Lexington Passes First Reading on Juneteenth Holiday, Easing Food Truck Restrictions

Posted 10/4/22

At its regular Oct. 3 meeting, Lexington Town Council took up first reading on two potentially impactful items, unanimously approving both.


Posted

At its regular Oct. 3 meeting, Lexington Town Council took up first reading on two potentially impactful items, unanimously approving both.

The council is considering establishing Juneteenth as an official town holiday and loosening restrictions on food trucks. The final vote on both is slated for the council’s next meeting.

If approved, Juneteenth would become the town's 11th official holiday. The holiday would be celebrated on June 19 or, if it falls on a weekend, the closest workday. Lexington would join the nearby municipalities of Columbia, Irmo, Cayce and Orangeburg in establishing the day, which celebrates the emancipation of enslaved people in the U.S.

“We should be celebrating that and we should celebrate the residents that live in our community,” Mayor Steve MacDougall said. “The people that work in this town that want to celebrate that, we ought to give them the opportunity to do so.”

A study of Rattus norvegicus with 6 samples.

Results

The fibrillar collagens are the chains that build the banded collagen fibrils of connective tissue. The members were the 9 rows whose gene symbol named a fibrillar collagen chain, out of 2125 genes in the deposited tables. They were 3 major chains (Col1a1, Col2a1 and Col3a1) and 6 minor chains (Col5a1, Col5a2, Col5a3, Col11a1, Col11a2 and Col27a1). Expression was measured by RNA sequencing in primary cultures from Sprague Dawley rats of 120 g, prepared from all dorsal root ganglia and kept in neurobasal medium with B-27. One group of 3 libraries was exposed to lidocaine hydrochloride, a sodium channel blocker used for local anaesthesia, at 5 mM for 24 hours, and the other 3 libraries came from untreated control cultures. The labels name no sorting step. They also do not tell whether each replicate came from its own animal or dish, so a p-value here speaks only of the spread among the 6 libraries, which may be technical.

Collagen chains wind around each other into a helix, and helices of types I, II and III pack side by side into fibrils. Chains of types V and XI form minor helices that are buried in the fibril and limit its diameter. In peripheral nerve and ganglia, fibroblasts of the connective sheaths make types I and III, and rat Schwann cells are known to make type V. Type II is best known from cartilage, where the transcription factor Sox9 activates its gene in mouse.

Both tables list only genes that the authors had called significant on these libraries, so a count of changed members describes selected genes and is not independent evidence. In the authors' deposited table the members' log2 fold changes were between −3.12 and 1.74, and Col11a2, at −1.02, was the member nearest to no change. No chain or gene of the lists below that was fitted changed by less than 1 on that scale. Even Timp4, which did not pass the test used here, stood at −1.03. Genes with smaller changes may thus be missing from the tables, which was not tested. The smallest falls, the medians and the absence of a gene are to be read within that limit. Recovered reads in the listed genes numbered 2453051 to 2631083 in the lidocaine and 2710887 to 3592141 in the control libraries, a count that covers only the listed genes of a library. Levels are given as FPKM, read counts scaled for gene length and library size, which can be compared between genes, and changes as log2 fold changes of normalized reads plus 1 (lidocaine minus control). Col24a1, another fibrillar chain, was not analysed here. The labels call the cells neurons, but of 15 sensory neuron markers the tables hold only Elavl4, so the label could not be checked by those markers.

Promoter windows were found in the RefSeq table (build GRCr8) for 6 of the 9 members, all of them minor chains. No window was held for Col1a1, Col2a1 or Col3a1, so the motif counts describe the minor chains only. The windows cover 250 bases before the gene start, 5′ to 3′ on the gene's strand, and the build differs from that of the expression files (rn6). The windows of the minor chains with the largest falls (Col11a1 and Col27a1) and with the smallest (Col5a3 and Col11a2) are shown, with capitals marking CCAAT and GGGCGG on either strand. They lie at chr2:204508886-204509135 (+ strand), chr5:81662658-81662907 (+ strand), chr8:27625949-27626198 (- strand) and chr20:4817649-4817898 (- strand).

The holiday would cost around $7,000-$10,000 dollars each year, the typical range for holidays in the city, though it may fluctuate. A majority of this cost goes to the Lexington Police Department, with the other portion going to utility workers.

“Sometimes you spend money because you have to, sometimes you spend money because it’s the right thing,” MacDougall said.

Juneteenth was declared a federal holiday last year. Since then, at least 24 states and the District of Columbia have followed suit. 

The changes to the food truck ordinance would expand the number of food vendors allowed on a property, which is currently capped at between one and four per year depending on the size of the property. If approved, the changes would allow business/property owners to apply for an annual permit, which would allow any food truck to operate on that property, so as the property owner receives consent from any restaurant within 200 feet.

The council has emphasized that each truck must have a business license and pay hospitality tax to the town.